Walberg Nominated to National Education Board

Published February 1, 2004

Herbert J. Walberg, chairman of The Heartland Institute, the publisher of School Reform News, has been nominated by President George W. Bush to a three-year term on the National Board for Education Sciences.

The board, established by the Education Sciences Reform Act in 2002, is charged with overseeing the work of the Institute of Education Sciences, which was established to develop and coordinate high-quality research, gather statistics, evaluate programs, and disseminate information.

Walberg was research professor of psychology and education at the University of Illinois at Chicago. He also has held research posts at Educational Testing Service and the University of Wisconsin, and has taught at Harvard University. He served as an advisor to former U.S. Secretary of Education William Bennett and is frequently called to testify in federal courts on educational matters.

The author of numerous articles in scholarly journals, Walberg also has written or edited more than 30 books. His latest book, coauthored with Heartland President Joseph L. Bast, is Education and Capitalism.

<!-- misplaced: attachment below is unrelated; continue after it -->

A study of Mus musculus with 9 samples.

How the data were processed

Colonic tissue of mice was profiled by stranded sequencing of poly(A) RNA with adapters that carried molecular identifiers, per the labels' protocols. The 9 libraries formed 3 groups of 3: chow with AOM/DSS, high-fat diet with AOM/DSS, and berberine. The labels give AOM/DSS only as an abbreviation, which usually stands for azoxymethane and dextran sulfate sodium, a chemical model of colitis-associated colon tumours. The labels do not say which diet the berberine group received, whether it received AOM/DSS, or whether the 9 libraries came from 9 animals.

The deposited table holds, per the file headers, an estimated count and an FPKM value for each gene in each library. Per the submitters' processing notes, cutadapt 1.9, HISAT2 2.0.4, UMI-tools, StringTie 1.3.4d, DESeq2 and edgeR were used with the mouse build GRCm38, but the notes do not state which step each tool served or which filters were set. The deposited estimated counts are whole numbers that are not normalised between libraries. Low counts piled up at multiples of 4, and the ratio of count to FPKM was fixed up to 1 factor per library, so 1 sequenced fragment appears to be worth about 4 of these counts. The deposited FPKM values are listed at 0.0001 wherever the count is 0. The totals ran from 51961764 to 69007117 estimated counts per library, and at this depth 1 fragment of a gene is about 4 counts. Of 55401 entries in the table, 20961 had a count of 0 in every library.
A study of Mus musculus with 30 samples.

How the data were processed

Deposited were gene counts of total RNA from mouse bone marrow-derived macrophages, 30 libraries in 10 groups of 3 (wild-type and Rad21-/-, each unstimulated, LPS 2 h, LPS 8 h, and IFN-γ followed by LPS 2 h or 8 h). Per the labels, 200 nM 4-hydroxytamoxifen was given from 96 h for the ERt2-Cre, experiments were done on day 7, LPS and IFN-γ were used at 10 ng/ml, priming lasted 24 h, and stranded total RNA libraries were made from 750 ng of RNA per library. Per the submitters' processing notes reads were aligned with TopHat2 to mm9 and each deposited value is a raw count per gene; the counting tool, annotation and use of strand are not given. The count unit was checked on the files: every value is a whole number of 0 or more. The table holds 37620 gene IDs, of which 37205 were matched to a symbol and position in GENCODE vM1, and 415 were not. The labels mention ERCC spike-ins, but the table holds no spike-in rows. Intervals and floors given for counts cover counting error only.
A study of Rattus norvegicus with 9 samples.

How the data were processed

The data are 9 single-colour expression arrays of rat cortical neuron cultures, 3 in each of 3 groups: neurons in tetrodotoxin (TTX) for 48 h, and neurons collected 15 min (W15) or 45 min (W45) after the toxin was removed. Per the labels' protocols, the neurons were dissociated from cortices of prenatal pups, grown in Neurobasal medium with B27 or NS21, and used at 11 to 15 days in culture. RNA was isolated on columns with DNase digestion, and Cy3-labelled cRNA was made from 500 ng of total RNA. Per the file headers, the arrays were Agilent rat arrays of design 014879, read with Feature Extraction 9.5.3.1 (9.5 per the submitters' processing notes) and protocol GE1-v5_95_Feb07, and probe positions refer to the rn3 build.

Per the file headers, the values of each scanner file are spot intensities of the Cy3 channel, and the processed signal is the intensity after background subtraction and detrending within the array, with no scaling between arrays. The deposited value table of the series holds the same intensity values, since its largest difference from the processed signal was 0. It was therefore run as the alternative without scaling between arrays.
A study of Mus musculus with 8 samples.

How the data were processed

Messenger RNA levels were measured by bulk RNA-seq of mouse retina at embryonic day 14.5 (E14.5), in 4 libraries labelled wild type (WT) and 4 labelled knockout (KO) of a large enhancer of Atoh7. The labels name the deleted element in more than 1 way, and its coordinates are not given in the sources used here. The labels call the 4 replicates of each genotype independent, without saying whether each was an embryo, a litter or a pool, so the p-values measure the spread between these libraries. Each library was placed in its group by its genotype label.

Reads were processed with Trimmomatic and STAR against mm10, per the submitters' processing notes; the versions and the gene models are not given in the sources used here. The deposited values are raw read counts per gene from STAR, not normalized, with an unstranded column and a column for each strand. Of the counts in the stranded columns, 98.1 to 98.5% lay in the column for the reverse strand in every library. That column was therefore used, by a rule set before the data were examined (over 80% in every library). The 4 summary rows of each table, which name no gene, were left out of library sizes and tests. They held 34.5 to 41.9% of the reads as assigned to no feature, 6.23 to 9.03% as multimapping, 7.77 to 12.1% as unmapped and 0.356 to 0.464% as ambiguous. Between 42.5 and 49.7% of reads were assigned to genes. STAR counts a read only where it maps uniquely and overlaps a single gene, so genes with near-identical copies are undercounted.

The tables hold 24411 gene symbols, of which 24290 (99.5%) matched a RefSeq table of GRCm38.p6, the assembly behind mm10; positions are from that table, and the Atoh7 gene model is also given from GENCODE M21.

Also nominated to the National Board were Eric A. Hanushek, the Paul and Jean Hanna Senior Fellow in Education at Stanford University’s Hoover Institution, and Caroline Hoxby, professor of economics at Harvard University and director of the Economics in Education program at the National Bureau of Economic Research. All three nominees are members of Hoover’s Koret Task Force on K-12 Education.

Other nominees include mathematics researcher R. James Milgram and reading researchers Sally E. Shaywitz and Joseph K. Torgesen. The nominations were announced by the White House on November 19.